The 2012 Orion Book Award Winner

The View from Lazy Point: A Natural Year in an Unnatural World, by Carl Safina

According to Carl Safina, Lazy Point, which sits just a handful of miles from the eastern tip of Long Island, is “a place of real power,” “a cauldron of vitality.” Nor’easters are constantly whipping in from the north, terns bomb the beaches from all sides, and fish flash in The Cut, a local bottleneck between ocean and Sound. It’s a good place to watch the world, walk the dunes, and see what’s blowing in over the horizon.

The View from Lazy Point is a record, of sorts, of a year spent in intense participation with what Safina comes to call the real “real” world—the one that darts, breathes, and wheels above and around us, while we’re busy finding a parking spot. An excellent naturalist and tireless observer, Safina tells of worlds within worlds—the migratory history of a warbler on a backyard branch; a beach, lit by the moon, crawling with horseshoe crabs—all within a six-something-mile radius of home.

But this is much more than a natural history of a place: Lazy Point is a truly ecological book. At its best, it dwells in the spaces between things, delights in their connections, their interdependence. From his house among the beach grass, Safina works the threads that connect salamanders and philosophers, Great Blue Herons and Gross Domestic Products. “We are a relationship to the world,” he writes, and “the geometry of human progress is an expanding circle of compassion.” Best of all, though, is the humanity between these pages: the reader feels, somehow, as if they’ve spent an afternoon getting lost outdoors with a friend.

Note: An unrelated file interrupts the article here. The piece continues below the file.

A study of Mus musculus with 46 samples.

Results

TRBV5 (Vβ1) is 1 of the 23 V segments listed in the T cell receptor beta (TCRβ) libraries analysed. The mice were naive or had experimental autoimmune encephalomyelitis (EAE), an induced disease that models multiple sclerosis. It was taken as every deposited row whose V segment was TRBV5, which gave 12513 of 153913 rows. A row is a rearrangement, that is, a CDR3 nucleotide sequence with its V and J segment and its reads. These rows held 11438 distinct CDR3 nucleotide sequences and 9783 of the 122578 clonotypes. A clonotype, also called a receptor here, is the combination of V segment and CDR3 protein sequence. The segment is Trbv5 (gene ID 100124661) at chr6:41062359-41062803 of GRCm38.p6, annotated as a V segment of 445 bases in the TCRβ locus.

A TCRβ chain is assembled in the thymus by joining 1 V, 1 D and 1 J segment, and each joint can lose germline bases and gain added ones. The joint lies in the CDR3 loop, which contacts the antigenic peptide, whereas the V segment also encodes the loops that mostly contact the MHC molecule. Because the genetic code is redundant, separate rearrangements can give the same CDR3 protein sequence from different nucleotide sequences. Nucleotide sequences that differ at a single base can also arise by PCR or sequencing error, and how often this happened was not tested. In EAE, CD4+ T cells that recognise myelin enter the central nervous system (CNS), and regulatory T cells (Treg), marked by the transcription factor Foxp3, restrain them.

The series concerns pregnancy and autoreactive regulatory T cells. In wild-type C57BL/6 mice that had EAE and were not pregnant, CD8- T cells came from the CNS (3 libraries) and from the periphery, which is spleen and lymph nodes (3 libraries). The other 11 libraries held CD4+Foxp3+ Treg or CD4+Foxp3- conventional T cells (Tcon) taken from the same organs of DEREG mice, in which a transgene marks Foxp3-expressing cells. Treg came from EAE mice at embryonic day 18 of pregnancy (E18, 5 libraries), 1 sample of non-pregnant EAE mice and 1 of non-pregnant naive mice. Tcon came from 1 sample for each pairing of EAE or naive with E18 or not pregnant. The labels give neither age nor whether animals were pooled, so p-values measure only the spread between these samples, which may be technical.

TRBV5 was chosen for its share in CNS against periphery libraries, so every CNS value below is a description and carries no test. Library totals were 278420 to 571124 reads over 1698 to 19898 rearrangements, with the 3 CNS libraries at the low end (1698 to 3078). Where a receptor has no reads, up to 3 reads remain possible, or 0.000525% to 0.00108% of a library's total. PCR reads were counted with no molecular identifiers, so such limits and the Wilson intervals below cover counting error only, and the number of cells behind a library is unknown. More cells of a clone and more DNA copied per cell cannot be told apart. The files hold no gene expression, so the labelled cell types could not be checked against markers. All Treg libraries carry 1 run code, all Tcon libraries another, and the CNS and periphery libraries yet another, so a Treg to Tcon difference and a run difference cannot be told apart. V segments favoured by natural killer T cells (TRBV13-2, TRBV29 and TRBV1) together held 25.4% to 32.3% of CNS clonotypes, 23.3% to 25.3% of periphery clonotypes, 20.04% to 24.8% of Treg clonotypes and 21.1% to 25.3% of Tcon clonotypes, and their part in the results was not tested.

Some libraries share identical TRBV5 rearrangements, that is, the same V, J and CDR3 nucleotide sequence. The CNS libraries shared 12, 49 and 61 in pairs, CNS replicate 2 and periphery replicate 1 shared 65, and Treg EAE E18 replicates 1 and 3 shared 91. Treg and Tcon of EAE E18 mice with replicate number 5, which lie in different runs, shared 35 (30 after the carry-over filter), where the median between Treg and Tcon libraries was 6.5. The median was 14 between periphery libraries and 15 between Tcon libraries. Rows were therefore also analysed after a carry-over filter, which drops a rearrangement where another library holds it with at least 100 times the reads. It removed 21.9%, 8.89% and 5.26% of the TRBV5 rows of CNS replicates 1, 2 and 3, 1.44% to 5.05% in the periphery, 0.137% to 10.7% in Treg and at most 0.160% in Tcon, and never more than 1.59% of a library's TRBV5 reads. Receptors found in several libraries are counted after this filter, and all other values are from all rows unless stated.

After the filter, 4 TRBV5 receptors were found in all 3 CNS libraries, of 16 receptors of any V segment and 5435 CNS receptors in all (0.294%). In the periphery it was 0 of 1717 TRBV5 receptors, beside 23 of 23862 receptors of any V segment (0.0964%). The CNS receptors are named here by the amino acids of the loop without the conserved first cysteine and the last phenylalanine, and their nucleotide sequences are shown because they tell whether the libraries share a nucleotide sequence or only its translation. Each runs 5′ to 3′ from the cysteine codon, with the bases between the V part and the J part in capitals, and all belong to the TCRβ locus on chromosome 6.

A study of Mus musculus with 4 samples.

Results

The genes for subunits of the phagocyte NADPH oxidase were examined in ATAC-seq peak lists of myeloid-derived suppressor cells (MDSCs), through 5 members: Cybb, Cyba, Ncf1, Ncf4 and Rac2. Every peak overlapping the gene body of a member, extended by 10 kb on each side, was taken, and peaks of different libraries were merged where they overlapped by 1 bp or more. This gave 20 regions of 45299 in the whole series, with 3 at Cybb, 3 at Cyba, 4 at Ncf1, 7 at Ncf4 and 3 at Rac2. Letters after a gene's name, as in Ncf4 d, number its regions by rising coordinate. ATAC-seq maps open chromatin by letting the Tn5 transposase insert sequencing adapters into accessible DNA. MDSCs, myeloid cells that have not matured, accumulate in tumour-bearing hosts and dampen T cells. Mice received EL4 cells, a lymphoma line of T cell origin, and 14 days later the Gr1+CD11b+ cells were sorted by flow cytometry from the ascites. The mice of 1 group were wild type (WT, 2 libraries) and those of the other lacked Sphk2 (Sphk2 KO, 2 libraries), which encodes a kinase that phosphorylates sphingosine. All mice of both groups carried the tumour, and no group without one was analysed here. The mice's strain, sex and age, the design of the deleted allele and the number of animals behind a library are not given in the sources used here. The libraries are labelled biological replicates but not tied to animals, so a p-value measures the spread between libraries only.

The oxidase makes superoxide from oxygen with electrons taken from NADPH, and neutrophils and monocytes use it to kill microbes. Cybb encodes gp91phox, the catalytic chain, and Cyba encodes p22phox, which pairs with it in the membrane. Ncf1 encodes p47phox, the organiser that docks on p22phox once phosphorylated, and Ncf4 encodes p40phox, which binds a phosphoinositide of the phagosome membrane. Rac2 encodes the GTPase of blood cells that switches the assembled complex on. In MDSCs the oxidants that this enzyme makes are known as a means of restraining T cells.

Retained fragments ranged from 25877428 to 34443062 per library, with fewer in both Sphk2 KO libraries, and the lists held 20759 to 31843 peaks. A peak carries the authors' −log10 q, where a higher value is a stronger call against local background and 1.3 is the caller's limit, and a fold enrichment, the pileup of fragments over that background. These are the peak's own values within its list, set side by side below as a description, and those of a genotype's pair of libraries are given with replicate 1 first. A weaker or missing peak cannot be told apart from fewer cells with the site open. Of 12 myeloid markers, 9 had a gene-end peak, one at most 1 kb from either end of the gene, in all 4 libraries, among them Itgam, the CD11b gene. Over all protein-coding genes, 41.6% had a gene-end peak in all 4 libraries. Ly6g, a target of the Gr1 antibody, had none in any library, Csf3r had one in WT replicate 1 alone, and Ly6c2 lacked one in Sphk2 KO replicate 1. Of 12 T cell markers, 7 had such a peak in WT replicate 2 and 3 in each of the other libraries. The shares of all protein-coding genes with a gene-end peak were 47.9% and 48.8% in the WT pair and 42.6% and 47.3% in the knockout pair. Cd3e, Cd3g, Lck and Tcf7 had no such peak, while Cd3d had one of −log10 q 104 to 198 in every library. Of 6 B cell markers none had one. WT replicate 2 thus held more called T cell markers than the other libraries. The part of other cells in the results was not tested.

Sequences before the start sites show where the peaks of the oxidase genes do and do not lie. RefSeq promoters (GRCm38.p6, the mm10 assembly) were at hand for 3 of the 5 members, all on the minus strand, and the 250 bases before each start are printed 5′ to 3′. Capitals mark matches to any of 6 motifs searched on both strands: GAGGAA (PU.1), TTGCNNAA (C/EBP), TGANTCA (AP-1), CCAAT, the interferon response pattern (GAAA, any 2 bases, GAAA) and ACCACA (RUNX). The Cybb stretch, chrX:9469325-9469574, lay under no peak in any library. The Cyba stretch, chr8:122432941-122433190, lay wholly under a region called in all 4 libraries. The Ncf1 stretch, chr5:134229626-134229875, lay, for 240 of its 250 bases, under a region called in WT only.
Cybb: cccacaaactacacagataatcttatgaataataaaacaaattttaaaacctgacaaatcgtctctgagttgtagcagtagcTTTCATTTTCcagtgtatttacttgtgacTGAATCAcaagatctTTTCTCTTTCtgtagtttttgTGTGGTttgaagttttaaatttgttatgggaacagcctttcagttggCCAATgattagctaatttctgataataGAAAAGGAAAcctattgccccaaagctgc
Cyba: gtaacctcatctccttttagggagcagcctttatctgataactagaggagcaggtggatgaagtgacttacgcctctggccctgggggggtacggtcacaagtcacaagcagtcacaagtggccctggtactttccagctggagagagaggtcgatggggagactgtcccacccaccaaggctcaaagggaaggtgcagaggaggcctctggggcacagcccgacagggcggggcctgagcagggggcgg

In an early chapter, residents of Lazy Point wake to find a Fin Whale—the second largest animal on earth—washed up on a beach, most likely injured by a ship. Safina and his neighbors cover the body in bed sheets and towels, run buckets of water over its skin, and stand watch until help arrives. It’s an omen, somehow, of a strange world to come, but a reminder, too, that the ocean “still brims with the living,” that “the world still sings.” Who knows what mysteries have yet to wash up on our shores?
The Editors

About the author
Carl Safina has studied the ocean as a scientist, stood for it as an advocate, and conveyed his travels among sea creatures and fishing people in lyrical nonfiction writing. He is the author of four books of nonfiction, including Song for the Blue Ocean, which won a Lannan Literary Award and a MacArthur genius prize. For his latest book, The View from Lazy Point, Safina was awarded a Guggenheim Fellowship.